For too long, China’s interest rates have been kept far below the nation’s nominal GDP growth rate. They are now rising as authorities move to reduce financial repression. The rise in domestic bond yields since June this year points to the market’s demand for higher yields commensurate with the increased systemic risk stemming from shadow banking activities and local government debt.
The People’s Bank of China (PBoC) has shifted to a new paradigm of market-oriented policy to facilitate Beijing’s structural reform efforts. Arguably, the rise in Chinese bonds yields reflects China’s monetary policy rebalancing from central control to market forces.
The rise in China’s bond yields since June this year to nearly a 9-year high is not a sign of savings shortage. Neither is it much related to rising US bond yields, as some analysts have speculated. Ten-year Chinese government bond yield, for example, has had a low correlation coefficient of 0.13 with the 10-year US Treasury yield over the past five years.
Meanwhile, China’s corporate bond yields have mirrored domestic liquidity stress (with a correlation of 0.75), which can be approximated by the fluctuation in China’s Bank Acceptance bill yield. This suggests that the recent rise in yields has been a response to both a tight liquidity environment and the market’s demand for higher returns commensurate with higher systemic risk.
But why is bond market liquidity tight when there are hot money inflows?
First, there has been massive bond selling by domestic financial institutions to raise cash in the face of dwindling domestic demand.
Second, hot money flows are almost irrelevant. The best way to think about this is to use the “disjoint set” concept of probability theory.
Hot money inflows is one set, and it does not intersect with the other set, the domestic bond market. In fact, very little hot money enters the bond market. (Note: overall foreign participation in the onshore bond market is limited to investment quotas, which are a tiny drop in China’s 29.4 trillion yuan domestic bond market capitalization).
Fundamentally, the PBoC has shifted to a more hands-off approach relative to the past, letting the market decide the level of yields. The aim is to constrain economic growth at moderate annual rates between 7 and 8 percent in the medium term to facilitate structural reforms. This policy shift can be seen in the sharp reduction in the PBoC’s repo trades (which are an indicator of monetary expansion) in its open market operations this year.
In response to tight liquidity, domestic financial institutions have sold bonds to raise cash. These bond sales are also part of their preparation for further regulatory tightening on banking and bank-investment operations via the shadow banking market.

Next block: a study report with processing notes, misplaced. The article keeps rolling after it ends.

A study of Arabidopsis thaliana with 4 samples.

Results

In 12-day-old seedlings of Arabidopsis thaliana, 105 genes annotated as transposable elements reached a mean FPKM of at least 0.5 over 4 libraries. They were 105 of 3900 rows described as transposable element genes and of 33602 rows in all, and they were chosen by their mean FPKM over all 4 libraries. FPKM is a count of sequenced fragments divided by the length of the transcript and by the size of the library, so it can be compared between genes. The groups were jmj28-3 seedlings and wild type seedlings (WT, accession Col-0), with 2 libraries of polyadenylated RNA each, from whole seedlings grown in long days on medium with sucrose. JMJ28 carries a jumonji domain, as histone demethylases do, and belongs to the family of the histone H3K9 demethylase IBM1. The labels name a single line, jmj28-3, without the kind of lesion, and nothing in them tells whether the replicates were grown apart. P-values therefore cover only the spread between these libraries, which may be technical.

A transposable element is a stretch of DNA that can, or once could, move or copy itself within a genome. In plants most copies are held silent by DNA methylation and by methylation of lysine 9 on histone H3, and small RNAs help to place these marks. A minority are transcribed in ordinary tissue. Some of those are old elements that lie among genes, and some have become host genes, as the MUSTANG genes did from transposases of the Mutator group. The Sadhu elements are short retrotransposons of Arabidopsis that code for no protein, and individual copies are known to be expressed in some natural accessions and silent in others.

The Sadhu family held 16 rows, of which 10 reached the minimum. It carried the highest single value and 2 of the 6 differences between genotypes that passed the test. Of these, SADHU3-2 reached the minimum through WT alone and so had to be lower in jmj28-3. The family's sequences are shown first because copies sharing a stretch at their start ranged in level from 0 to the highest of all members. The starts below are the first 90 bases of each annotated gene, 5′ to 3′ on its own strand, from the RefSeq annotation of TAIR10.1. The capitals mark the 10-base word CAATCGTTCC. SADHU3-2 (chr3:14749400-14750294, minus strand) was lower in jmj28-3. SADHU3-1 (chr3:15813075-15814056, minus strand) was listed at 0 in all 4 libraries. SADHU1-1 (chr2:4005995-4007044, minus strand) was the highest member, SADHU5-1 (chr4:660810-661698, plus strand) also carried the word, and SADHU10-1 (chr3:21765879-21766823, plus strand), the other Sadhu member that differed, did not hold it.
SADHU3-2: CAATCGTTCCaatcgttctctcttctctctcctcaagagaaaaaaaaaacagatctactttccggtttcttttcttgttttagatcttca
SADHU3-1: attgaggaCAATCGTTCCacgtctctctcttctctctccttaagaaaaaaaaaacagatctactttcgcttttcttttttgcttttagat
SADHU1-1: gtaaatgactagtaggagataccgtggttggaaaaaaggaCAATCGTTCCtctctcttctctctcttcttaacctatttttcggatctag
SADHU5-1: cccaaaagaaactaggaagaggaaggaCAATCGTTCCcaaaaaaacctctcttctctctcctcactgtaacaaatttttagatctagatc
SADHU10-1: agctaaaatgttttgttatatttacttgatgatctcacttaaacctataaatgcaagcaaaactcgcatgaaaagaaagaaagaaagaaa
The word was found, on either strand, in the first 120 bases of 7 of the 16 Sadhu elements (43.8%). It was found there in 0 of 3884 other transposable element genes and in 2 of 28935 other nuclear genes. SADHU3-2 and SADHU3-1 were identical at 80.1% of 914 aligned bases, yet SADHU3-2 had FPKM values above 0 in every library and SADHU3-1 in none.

However, domestic bond demand has waned due to fierce competition from shadow banking products, which offer much higher returns. This can be seen in the sharp drop in inter-bank bond trading volume to only 1.7 trillion yuan in November from a peak of 8.3 trillion yuan in March and 7.1 trillion yuan a year earlier.
Thriving shadow banking activities without proper regulation gives the PBoC a solid reason to pursue a conservative policy stance to rein in leveraging in the system. The shadow banking market has accounted for the bulk of liquidity growth, as summarized by the total social financing (TSF) flows, since 2009.
After a brief slowdown due to the PBoC’s crackdown in June this year, shadow banking activities have revived, boosting TSF flows while bank credit flows have remained subdued (see chart).
While the shadow banking market helps China to eschew financial repression by providing non-bank financing at market interest rates to the private sector which has little access to bank credit, it is poorly regulated and the non-bank financing framework is still immature.
Its activities not only frustrate the PBoC’s monetary policy but also increase systemic risk due to the lack of regulations and transparency. The higher yields of the shadow banking products have put upward pressure on bond yields, and they suggest that the market is trying to price in higher systemic risk.
The market may also be trying to price in the potential risk of local government debt (LGD), which could hit bank capital ratios badly. The National Audit Office conducted a comprehensive audit on local government finances between June and July this year.
It was supposed to release the report in October, but has yet to do so. According to our estimate, if the LGD has risen to 20 trillion yuan from 10.7 trillion yuan in 2010, average Tier 1 capital in the Chinese banking sector would have dropped to 4.5 percent of risk-weighted assets from 10.5 percent now.
With administrative controls becoming ineffective as a monetary management tool, the recent rise in Chinese bond yields shows that the PBoC is trying to shift to a new paradigm involving market forces. Such a policy shift is consistent with Beijing’s structural reform blueprint, which has elevated the role of the market in the Chinese economy to “decisive” from “basic”.
However, this new monetary policy paradigm also gives the PBoC new challenges. It will have to come up with a new benchmark for anchoring its policy stance. It has not, in my view, decided yet on what indicators to use.
It is still in trial-and-error mode in this policy rebalancing act, which will create market volatility from time to time. The interbank offered rate may be a strong candidate to be the new monetary transmission indicator due to its market-driven characteristic.
There may have been an upward shift in the term structure of China’s interest rates, as the country strives to reduce financial repression and moves towards a market-oriented growth model. The market will have to live with structurally higher interest rates in the future, but for good reasons.